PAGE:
Excuses are my speciality. For example, part of the reason I’m the worst blogger in the world this month is I’m working on a challenging revision. And part of the reason the revision is challenging is a new point of view I’m having to write from. I chose to write from this point of view both because it was challenging and pivotal. The character is central, a catalyst, and I think he’s freakin’ adorable. But that’s neither here nor there. Mostly, I’m using him as an excuse to lead in to a blog post about a film I love and how point of view changes everything. Sorry, Kaspar. You are freakin’ adorable, though.
I first saw The Orphanage after watching an incredibly disappointing horror movie and deciding to begin a new quest for high quality horror. The Orphanage was the first film I tried, and I didn’t have to look any further. It was chilling and powerful in that way that keeps you up all night, thinking.
I was so haunted by the film, I started looking up interviews and extra information on it, and what I learned about its conception taught me something about my own writing: story may be king, but point of view is… the pope or something. On his inspiration for The Orphanage writer Sergio G. Sánchez said, “My influences were more literary. One of them was Peter Pan. Basically, it was just that picture of Wendy’s mother sitting by the window waiting for her child. That’s the spark that ignited everything. I was thinking, it would be really interesting to tell the story of Peter Pan from the point of view of the mother.”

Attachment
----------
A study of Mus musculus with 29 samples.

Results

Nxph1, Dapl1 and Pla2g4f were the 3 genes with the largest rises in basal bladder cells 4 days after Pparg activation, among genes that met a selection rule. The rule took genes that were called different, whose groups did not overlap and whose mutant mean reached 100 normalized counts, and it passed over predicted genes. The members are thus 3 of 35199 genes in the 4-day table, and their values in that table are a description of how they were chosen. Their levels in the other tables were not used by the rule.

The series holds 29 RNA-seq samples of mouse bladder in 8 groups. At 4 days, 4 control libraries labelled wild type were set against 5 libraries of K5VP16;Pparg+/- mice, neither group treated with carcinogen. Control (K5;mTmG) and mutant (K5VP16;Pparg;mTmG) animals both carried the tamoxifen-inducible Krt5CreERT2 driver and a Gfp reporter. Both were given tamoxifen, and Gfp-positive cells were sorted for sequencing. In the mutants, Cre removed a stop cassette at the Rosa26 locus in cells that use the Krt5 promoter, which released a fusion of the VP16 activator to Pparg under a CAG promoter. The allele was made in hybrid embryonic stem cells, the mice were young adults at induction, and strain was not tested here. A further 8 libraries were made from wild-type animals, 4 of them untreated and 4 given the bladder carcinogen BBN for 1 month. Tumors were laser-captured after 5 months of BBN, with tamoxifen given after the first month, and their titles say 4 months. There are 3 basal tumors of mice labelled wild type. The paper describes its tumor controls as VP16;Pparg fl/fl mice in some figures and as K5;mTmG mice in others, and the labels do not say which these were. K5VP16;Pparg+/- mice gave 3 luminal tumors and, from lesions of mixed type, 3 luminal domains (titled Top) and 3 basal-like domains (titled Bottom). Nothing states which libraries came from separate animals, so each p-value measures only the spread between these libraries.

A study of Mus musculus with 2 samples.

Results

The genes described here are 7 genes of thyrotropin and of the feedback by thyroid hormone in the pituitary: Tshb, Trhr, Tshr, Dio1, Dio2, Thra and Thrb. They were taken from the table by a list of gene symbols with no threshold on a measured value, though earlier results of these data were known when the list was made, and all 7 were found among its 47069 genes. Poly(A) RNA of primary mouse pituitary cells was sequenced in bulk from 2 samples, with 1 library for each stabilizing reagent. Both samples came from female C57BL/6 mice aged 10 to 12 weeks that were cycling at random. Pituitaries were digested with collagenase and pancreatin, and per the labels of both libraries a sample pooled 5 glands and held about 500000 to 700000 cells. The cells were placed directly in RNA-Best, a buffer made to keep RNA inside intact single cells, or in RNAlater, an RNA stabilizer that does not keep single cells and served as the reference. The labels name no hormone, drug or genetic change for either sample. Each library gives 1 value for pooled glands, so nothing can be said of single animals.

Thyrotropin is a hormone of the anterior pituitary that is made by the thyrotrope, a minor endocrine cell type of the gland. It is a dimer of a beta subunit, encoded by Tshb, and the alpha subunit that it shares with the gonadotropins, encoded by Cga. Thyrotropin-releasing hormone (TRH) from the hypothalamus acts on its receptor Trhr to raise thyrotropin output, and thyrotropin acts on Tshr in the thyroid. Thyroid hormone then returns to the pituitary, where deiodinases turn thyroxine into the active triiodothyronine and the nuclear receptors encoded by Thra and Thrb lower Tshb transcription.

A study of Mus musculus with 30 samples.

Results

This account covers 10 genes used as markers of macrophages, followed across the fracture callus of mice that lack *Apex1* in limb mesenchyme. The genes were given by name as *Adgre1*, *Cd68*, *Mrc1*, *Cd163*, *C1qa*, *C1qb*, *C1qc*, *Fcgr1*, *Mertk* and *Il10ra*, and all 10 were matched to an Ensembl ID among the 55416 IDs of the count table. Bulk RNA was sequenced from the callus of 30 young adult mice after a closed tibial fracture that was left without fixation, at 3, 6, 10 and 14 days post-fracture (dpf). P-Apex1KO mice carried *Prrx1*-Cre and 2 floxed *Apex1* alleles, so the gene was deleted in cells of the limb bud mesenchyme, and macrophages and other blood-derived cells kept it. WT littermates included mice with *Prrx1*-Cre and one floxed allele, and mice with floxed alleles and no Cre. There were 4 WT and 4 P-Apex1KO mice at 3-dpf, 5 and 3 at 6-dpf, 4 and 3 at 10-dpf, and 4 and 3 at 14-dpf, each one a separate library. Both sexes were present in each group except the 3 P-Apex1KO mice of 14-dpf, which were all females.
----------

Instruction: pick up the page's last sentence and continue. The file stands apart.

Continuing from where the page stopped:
Think about that for a second. From Wendy’s point of view, the story of Peter Pan is a great adventure, sometimes terrifying, sometimes exhilarating, but an adventure still. From the point of view of her mother, Peter Pan becomes a horror story. Can you fathom how terrifying it would be for any parent? You brush off your children’s stories about an imaginary friend who comes to visit them through their window every night as normal childhood whimsy, only to find, one night, their window flung open, their beds empty. I can’t imagine it, but that’s exactly what Sánchez does. Never mind the little classic “horror” moments sprinkled throughout the film; The Orphanage is terrifying because of the point of view.
If you can handle any amount of horror, I highly recommend you see The Orphanage. It is beautiful, touching, terrifying, and strange. I’ve not seen another film quite like it. I even question whether marketing it as pure horror really did it justice. It’s not your classic teen slasher flick. It’s more elegant than your typical supernatural horror movie or your psychological thriller. There are moments where you can feel the not-so-subtle hand of someone who said, “let’s make this appeal to horror movie fans, K?” but overall, the piece is stunning. And if it doesn’t make you think about the story of Peter Pan in a whole new light, you just weren’t paying attention.